The Welsh Government has admitted it effectively scrapped a bus strategy board, which it was advised to strengthen.
Victoria Winckler, of the Bevan Foundation think tank, was commissioned by ministers to advise on TrawsCymru long-distance buses, which fill gaps left by the Beeching railway axe.
She said: ‘The TrawsCymru strategic board should focus on strategic issues with corridor delivery groups dealing with operational matters, on a formal basis. Both groups should have enhanced user representation and a strengthened secretariat function.’
You wait three years for the bus board... and then they scrap it
She stressed that reform was needed as the five TrawsCymru routes were Government-funded, managed by four local authorities and operated by seven companies.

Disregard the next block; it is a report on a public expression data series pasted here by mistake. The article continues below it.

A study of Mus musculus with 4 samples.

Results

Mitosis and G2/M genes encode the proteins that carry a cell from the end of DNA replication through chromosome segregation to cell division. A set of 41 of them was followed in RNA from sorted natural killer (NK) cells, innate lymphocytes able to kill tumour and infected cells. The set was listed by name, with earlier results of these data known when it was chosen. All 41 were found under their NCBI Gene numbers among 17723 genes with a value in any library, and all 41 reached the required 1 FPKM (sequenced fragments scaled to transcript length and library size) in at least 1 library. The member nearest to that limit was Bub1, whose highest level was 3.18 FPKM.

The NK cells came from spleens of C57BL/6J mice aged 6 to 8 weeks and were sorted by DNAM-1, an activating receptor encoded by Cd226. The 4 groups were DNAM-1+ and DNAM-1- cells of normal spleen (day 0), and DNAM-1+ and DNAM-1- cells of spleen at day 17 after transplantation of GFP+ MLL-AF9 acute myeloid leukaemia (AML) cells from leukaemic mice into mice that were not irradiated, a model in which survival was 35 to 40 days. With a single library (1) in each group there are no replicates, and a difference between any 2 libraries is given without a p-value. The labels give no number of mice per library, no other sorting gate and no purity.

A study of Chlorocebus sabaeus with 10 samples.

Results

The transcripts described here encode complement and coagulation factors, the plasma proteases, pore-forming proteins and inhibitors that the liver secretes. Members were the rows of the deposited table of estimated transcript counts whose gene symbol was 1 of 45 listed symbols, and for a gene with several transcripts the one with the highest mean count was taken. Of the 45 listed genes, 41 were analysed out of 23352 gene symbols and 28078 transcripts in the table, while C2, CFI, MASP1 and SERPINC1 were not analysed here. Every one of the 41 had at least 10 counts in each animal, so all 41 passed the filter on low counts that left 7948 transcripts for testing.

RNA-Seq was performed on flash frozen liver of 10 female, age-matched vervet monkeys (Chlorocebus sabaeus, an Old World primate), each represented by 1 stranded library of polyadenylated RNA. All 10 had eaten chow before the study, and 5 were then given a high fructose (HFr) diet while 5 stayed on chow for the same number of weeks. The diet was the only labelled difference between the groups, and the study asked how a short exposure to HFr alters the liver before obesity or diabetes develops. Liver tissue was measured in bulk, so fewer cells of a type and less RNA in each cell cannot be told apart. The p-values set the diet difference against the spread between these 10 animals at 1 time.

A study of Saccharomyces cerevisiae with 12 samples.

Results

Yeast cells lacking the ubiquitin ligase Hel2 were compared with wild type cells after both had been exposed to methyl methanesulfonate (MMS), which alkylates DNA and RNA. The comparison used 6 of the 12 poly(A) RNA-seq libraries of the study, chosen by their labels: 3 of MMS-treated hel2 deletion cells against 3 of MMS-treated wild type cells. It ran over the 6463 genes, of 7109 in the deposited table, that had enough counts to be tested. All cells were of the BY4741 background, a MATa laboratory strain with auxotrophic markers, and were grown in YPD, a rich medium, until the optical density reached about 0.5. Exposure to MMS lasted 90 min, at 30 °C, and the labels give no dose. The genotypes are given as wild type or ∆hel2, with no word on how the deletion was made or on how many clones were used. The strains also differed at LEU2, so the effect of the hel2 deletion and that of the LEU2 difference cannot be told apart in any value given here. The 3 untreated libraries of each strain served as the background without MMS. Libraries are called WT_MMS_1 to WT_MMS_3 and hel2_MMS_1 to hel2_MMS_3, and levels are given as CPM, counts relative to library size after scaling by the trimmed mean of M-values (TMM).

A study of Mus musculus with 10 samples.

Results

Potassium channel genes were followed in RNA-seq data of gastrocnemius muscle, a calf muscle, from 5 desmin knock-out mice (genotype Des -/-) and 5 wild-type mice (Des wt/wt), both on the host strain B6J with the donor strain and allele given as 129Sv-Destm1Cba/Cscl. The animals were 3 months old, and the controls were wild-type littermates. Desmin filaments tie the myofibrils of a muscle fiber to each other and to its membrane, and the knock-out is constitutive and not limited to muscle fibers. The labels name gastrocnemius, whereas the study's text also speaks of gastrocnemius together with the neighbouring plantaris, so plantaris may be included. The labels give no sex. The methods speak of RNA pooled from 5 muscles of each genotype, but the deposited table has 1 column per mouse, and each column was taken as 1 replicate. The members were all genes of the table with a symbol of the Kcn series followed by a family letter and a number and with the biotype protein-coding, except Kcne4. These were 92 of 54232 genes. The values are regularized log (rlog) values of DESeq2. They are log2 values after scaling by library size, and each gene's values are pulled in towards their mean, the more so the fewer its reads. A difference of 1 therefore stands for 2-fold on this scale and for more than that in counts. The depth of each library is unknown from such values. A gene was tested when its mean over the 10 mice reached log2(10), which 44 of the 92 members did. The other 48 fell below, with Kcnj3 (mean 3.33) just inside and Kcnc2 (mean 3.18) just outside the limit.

‘These arrangements fragment the strategic, all-Wales approach that TrawsCymru requires and blur accountability,' she warned.
Assembly member Eluned Parrott said routes operated in silos rather than a network and she understood the board had not met for three years. She added the report was published in August 2013 and asked for an update on implementation.
Transport minister Edwina Hart replied: ‘We are looking at those recommendations in the context of the delivery of the service and our continued support for it.’
Ms Hart was ‘content with the current arrangements’ but would look at governance again.
A government spokeswoman told Transport Network: ‘It is true that we have experimented over the years with a TrawsCymru strategic management board, but such a body has not met for a couple of years. The board was set up on an advisory basis but we found it was not very effective and added little to the project.’
The board included representatives from the bus industry and the local authorities’ regional transport consortia, abolished in 2014.